Permutation and Combination are the numerous ways in which objects are selected from a set to form subsets. The problems related to permutation and combination can be considered as one of the most challenging quantitative questions you face in the GMAT exam. Hence, to solve problems from this topic, you need to be familiar with some basic GMAT Quant arithmetic permutation and combination formula.
In GMAT, the problems related to this topic can either be straightforward or complex, where you may need to solve questions based on number sequences, rolling a dice, reordering objects, etc. Though these are high-school level concepts, you should take a lot of mock tests and solve practice questions consistently, in order to master this topic as well as improve your speed and time-management skills.
In this article, we’ll cover the basic definition of permutation and combination, and some GMAT Quant arithmetic permutation and combination formulas with examples.
What is Permutation?
Permutation — mathematical technique — can be defined as the ways in which you can arrange a certain number of objects in a specific order. Rearranging the elements of an already-structured set is also considered a process of permuting. However, while dealing with permutation, you must be careful about the selection of objects as well as the arrangement of the sets. In short, the arrangement of objects should have a definite order in permutation.
What is Combination?
In mathematics, the combination is defined as the ways of selecting certain objects from a set, where the order of selection has no importance. The combination is mainly used for solving problems related to a group of data (where the order of arrangement doesn’t matter).
GMAT Quant Arithmetic Permutation and Combination Formula with Examples:
When you find a question related to this topic, you must first figure out whether to use permutation or combination to solve the problem. Once you find that, you can easily apply the correct formula and find the answer without much difficulty. However, you have to be thoroughly familiar with the following key formulae to answer the problems, failing which, you’ll end up wasting too much time on one question.
- Permutation – The number of ways in which we can permute ‘r ‘ objects from the set of ‘n’ objects without replacement and where the order matters is: nPr = (n!) / (n-r)!
- Combination – The number of ways in which you can combine r objects from a set of n objects without replacement and where order does not matter is: nCr = n! / (n−r)!r!
- At a meeting of 7 Joint chiefs of staff, the chief of air staff does not want to sit next to the chief of the army. How many ways can the seven chiefs of staff be seated around a circular table?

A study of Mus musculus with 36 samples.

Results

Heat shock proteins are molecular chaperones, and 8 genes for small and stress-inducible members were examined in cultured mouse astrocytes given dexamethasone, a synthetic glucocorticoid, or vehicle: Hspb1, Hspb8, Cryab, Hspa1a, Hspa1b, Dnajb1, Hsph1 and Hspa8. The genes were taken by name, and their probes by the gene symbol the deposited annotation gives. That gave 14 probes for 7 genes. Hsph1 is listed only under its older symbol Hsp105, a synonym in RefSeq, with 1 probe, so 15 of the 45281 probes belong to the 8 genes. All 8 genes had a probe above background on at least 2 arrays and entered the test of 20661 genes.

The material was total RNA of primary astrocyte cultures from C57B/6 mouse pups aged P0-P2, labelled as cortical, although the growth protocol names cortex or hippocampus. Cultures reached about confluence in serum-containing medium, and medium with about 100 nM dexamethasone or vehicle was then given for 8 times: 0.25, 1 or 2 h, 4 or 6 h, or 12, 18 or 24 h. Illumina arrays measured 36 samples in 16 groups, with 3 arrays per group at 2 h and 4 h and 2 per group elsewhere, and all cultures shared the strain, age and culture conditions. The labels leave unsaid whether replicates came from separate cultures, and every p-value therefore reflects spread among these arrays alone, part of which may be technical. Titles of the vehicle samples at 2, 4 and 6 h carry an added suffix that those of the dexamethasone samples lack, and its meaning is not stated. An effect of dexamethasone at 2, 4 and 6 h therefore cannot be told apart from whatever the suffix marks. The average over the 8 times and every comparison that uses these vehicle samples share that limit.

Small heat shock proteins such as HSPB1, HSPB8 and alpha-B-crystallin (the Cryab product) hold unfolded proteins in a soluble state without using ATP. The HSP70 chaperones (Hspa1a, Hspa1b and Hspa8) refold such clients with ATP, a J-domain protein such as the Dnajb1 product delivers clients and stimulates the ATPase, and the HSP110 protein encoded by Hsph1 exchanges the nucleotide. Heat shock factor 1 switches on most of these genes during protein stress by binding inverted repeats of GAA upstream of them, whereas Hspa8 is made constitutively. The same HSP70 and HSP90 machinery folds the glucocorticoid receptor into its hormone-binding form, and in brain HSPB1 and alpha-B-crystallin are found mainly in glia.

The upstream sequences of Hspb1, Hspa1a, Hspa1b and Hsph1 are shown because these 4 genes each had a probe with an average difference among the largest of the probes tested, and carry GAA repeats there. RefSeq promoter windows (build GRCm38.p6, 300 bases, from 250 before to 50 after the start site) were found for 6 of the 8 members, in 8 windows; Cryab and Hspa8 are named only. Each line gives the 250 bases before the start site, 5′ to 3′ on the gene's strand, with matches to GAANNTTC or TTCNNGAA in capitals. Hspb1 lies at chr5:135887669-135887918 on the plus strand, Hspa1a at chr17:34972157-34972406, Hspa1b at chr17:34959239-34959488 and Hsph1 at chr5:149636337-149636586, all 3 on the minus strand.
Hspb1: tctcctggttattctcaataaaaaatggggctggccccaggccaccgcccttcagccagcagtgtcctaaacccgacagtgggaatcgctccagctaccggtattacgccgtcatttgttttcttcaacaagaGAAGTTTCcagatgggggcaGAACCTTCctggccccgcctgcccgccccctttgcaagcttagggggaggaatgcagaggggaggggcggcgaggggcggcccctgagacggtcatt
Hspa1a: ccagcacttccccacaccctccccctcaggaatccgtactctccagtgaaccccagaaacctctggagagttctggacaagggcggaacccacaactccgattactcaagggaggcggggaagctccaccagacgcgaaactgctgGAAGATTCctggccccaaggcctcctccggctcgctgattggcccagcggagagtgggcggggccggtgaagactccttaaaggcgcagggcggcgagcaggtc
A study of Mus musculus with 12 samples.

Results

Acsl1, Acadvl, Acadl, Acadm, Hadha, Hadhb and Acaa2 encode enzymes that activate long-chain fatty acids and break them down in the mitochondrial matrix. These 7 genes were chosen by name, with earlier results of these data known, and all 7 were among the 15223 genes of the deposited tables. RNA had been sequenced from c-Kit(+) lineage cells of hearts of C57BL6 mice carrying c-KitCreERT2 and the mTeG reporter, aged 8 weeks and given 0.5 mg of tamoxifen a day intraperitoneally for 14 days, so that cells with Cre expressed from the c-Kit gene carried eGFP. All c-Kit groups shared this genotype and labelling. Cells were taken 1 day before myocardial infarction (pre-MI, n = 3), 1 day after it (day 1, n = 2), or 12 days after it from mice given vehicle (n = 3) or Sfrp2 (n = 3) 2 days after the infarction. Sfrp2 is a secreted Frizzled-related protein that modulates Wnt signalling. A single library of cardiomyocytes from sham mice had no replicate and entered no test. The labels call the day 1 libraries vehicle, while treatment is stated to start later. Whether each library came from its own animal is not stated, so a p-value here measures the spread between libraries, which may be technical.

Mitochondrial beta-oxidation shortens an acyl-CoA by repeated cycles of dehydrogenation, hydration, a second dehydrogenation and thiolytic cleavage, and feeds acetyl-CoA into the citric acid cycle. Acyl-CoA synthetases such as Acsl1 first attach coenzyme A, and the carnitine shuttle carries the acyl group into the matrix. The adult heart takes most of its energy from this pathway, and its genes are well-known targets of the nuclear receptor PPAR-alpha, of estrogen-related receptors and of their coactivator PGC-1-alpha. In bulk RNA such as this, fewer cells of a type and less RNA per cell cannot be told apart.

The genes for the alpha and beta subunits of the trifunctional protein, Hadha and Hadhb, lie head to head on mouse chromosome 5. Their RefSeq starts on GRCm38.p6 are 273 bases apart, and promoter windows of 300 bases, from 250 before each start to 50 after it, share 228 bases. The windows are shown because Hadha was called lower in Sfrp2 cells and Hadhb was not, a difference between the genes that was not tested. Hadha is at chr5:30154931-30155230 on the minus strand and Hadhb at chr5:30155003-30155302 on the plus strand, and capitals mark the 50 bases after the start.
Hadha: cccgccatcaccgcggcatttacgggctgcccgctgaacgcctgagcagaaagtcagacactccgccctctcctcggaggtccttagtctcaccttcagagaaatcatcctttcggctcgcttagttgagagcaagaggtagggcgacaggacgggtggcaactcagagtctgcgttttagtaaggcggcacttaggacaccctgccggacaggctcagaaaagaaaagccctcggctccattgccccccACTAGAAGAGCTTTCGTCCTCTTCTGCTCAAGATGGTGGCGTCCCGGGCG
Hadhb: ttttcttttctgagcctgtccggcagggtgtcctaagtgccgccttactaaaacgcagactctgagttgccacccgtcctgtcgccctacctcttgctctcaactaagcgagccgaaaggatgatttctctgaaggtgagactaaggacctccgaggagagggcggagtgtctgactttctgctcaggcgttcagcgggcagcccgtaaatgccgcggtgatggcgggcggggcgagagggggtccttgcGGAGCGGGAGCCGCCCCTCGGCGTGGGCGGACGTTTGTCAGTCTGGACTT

Clearly, it is a question of circular permutation. We know that the number of ways to arrange ‘n’ items in a circular arrangement is (n-1)!
Thus, the number of ways in which 7 people can be arranged around a circular table is: (7-1)! = 6!
Number of ways in which 7 people can be arranged keeping the air and army chiefs together = 5! * 2!
Therefore, the number of ways in which 7 people can be arranged such that the 2 chiefs never be together is 6! – 5! * 2! = 5!(6-2) = 480
- A family consisting of one mother, one father, two daughters and a son is taking a road trip in TATA Nano. The Nano has two front seats and three rear seats. One of the parents had to drive, and two daughters refused to sit next to each other. Find the number of ways in which the seating can be done.
The driver seat can be filled by 2 people — the mother or the father.
The front seat can be taken by one of the daughters. Or both the daughters can sit at the rear. So, there are 2 possibilities here.
- If one of the daughters sits in the front seat beside the driver, the front seat can be filled in 2 ways, and the rear seats can be arranged with 3!
Therefore, total no. of possibilities = 2*2*3!=24
B. If both the daughters are seated in the rear, we know that none of the daughters can take the middle seat. Therefore they have to sit at the rear window seats, which can be arranged in 2! ways. Rest of the people will be arranged by 2!. Hence total possibilities for this case is 2 *2! *2! =8
Therefore, the total number of the seating arrangements possible is 24 + 8 = 32.GMAT Quant arithmetic permutations and combinations questions can be fun and easy with consistent practice. So, make sure to practice sample questions with solved examples to be thorough with the concepts and techniques used to solve them.